The Standing Stones of Yoxie is the remains of a building in a neolithic settlement called Pettigarths Field, about 4,000 years old, which also includes a megalithic tomb and Benie Hoose. The earlier assessment that the monument was a standing stone grouping has since been revised. It is now known to consist of a building partitioned into rooms. The 'standing stones' name is derived from the fact that the walls were built in part from megaliths, many of them still erect. The building was once about 18 by 11 metres in size, but little remains of the northern part. There is a main L-shaped block to the west, and a smaller forecourt to the east. There are no traces of door fixtures. A paved passage lined with stone boulders runs through the house, and traces of the paving continue through a circular room that it divides into two recessed sections.
The site seems to have been occupied for a long period of time. There is a local belief that the stones were used for ceremonies by Druid priests who lived at Benie Hoose – or even that druids still live there. However, the ruins are 4,000 years old. There is no written mention of Druids before around 200 BC, and no reliable sources even from later periods. Despite this the excavator, C.S.T. Calder, interpreted Yoxie as the remains of a temple, and Benie Hoose as a house that may have been used by the priests. He felt there were indications that this structure, and another similar one at Stanydale on Mainland, Shetland, were used for religious purposes. If so, they would have been the first known temples in the British Isles. However, early and middle neolithic society does not appear to have had complex social structures such as a priestly caste. It is now thought that both Yoxie and Benie are prehistoric houses.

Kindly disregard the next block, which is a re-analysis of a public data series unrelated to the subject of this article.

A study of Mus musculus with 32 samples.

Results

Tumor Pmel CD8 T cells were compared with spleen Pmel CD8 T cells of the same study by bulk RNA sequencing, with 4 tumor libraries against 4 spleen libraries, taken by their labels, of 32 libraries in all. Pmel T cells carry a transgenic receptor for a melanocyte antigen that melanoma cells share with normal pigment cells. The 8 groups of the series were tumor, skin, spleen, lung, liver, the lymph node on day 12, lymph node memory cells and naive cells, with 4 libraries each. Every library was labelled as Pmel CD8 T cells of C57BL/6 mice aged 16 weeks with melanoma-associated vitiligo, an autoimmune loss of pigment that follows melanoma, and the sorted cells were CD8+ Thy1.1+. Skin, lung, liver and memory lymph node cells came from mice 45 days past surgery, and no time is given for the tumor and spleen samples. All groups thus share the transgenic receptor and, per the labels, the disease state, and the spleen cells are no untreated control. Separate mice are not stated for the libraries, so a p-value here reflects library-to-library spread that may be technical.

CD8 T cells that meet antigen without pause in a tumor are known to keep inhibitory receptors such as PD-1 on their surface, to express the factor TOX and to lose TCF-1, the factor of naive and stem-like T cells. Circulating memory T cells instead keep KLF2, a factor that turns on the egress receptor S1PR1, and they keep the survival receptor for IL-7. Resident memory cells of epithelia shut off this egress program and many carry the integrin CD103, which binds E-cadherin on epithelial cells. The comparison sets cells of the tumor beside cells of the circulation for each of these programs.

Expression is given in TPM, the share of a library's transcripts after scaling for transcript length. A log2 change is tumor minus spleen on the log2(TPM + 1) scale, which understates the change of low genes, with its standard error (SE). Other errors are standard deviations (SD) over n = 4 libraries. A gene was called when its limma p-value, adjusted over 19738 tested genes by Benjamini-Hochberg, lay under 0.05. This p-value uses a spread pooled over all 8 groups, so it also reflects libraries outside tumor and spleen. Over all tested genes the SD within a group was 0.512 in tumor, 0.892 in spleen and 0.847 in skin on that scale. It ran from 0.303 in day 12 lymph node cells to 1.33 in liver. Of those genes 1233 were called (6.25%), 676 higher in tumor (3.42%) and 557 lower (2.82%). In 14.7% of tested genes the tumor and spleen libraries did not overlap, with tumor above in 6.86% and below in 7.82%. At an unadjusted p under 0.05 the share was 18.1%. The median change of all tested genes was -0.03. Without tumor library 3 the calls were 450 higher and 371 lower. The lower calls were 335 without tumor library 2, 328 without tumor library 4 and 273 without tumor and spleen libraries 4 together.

Artifacts and material from the early and late Bronze Ages have been found. Some of the finds are Iron Age, while some date to the original Neolithic age settlement and others to a later occupation of the site in Iron Age. Pottery remains have been found in both houses. One large vessel found in Yoxie was very similar to a plain Bipartite Urn, possibly used for storing barley. More than 120 tools made of stone in a crude form have been unearthed in Yoxie.References:
Frösöstenen is the northern-most raised runestone in the world and Jämtland's only runestone. It originally stood at the tip of ferry terminal on the sound between the island of Frösön and Östersund. The stone dates to between 1030 and 1050. It has now been relocated to the lawn in front of the local county seat due to the construction of a new bridge, between 1969 and 1971, on the original site.
Frösö runestone inscription means: Austmaðr, Guðfastr's son, had this stone raised and this bridge built and Christianized Jämtland. Ásbjörn built the bridge. Trjónn and Steinn carved these runes.